IKEA bargained in bad faith, says labour board
The Labour Relations Board has ordered furniture-making giant IKEA to compensate the union representing striking workers for breaching two sections of the Labour Relations Code.
In a ruling released Thursday, Bruce R. Wilkins, associate chair of adjudication for the board, found that IKEA representatives tried to entice workers to cross the picket line with promises of pay premiums above and beyond what was offered to the union during rounds of collective bargaining talks.
In allegations made by Teamsters Local Union No. 213 that were not disputed by IKEA, employees on the picket line were “actively approached” by Suzanne Harrison, deputy Human Resource manager for IKEA Canada, and Madeline Lowenberg-Frick, spokesperson for IKEA Canada on May 14, 2014. Harrison and Lowenberg-Frick handed out copies of the Frequently Asked Questions section of the company’s website (richmondcoworkers.ca) that contained new information posted that same day, the ruling said.
•an automatic five per cent wage increase and $500 bonus;
•a $2.50 hourly premium for all hours worked “while the strike is ongoing.”
The last proposal by the company contained a three-per-cent annual wage increase.
The union also alleged Harrison confirmed during the discussion that the web posting was a new offer, and that Harrison said no worker in Canada had ever been fired for crossing a picket line, though IKEA denied these statements were made.
Wilkins found that IKEA violated the Labour Relations Code through its web posting.
“When it posted the web posting, however, the employer undermined the union and its exclusive bargaining agency under the code. At that point, the employer no longer met either the objective or subjective elements of the requirement to bargain in good faith...”
And by offering a wage increase greater than what it offered the union, the board found IKEA was “inducing the employer’s employees to refrain from becoming or continuing to be a member of a trade union.”
Wilkins ordered IKEA “pay to the union the amount equivalent to all monies paid to bargaining unit employees from the beginning of the labour dispute which are in excess of the pay the employer was willing to agree to with the union in collective bargaining.”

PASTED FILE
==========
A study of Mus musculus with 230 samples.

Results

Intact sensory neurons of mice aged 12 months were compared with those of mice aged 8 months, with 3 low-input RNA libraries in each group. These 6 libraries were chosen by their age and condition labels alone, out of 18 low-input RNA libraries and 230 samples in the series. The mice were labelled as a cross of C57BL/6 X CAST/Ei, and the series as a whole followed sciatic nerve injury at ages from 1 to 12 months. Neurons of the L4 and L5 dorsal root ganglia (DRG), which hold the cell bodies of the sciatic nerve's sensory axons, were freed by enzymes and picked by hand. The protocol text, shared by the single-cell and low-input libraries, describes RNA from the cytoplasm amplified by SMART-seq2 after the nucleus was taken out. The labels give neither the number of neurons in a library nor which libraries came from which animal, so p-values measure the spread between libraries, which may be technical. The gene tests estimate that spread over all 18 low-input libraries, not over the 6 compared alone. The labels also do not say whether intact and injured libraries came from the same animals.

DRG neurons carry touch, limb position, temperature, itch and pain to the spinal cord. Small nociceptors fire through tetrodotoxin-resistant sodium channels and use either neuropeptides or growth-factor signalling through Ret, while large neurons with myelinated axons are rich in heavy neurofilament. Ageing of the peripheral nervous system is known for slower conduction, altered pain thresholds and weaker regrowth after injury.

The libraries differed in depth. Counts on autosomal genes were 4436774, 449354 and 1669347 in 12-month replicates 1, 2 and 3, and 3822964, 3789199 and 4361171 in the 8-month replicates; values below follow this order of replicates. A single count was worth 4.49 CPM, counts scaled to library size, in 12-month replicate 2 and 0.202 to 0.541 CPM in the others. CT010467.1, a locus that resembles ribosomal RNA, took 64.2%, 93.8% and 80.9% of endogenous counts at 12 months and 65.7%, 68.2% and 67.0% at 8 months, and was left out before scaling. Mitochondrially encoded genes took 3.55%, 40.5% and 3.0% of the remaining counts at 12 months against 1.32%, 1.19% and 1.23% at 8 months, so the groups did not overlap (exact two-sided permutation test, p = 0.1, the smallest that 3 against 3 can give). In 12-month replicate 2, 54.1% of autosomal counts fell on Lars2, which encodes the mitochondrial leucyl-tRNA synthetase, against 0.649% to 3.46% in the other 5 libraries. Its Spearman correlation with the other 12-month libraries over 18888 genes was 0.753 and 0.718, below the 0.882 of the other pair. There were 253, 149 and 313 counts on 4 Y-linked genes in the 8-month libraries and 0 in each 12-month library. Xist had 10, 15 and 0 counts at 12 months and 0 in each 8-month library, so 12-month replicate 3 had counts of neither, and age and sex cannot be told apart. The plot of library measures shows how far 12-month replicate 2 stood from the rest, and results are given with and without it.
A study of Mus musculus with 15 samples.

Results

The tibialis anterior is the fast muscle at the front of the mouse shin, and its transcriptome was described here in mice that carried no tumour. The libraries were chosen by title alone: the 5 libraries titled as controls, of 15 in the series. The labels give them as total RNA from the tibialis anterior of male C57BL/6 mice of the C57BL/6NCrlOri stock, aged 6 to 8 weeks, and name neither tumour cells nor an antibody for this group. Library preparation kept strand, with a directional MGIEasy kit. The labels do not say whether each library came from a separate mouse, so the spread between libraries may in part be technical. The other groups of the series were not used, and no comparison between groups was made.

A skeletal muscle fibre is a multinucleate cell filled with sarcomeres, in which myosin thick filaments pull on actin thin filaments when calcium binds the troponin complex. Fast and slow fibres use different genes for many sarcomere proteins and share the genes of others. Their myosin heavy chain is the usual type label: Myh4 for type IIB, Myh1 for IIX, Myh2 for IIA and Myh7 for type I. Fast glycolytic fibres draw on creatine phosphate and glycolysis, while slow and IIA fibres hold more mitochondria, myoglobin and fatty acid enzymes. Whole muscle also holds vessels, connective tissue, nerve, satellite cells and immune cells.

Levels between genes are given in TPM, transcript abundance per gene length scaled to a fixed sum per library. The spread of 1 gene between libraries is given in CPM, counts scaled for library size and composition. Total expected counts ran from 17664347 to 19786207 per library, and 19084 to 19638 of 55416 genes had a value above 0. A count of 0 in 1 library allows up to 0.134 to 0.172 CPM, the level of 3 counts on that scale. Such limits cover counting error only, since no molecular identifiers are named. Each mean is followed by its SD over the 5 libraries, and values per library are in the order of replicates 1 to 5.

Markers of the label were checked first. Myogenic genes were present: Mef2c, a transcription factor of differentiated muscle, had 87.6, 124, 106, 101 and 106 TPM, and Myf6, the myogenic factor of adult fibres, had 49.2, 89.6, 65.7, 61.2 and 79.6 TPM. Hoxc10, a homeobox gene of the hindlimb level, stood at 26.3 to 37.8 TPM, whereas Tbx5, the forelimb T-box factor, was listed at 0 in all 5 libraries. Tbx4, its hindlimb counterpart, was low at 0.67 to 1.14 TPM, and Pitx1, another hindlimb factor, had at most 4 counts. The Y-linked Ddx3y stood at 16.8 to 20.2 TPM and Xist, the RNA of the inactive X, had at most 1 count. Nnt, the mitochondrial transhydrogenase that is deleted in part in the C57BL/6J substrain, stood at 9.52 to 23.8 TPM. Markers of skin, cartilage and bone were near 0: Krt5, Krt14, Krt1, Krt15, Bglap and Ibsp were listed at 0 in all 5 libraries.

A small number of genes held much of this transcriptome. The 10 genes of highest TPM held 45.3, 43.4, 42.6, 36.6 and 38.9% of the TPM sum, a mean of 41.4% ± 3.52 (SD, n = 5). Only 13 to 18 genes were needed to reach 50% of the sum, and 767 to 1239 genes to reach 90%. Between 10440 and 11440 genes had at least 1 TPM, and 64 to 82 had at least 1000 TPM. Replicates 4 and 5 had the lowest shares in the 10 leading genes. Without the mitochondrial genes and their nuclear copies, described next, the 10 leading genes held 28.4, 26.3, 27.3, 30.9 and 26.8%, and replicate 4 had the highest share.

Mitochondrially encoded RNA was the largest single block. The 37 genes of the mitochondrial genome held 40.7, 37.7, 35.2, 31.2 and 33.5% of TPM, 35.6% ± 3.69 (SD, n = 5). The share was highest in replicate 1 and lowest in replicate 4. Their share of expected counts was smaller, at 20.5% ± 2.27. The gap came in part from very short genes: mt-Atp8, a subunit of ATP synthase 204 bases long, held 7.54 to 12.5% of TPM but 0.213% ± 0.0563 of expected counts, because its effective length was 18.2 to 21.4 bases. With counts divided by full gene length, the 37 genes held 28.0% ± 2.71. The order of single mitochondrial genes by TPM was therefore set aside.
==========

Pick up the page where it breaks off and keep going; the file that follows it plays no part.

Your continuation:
IKEA was also ordered to cease contravening the labour code, cease bargaining terms and conditions of employment directly with employees, and declare the terms and conditions offered to employees in the web posting in excess of what was offered to the union at the bargaining table as null and void.
It’s unclear how much the ruling might cost IKEA, which is appealing the decision to the board.
Anita Dawson, business rep for Teamsters 213, said another application to the labour board revolves around the 35 IKEA workers who crossed the picket line and returned to work.
The union claims that IKEA is not returning to the bargaining table until the issue of the future of those 35 workers is resolved.
The union wants this issue set aside and handled separately, Dawson said, while negotiations resume. Dawson said the union is amenable to having those 35 employees work at IKEA’s non-union site or having them promoted to management.
Madeleine Lowenberg-Frick said the premiums offered to those employees who crossed the picket line were only paid to fairly compensate those employees for the new work they were tackling.
“They are meeting these customers with a reduced workforce and are learning new skills and working in new areas. Many are performing functions that are higher paid roles with a higher level of responsibility from their usual jobs,” Lowenberg-Frick said.
Unionized IKEA workers have been picketing since May 13, 2013, approaching 15 months.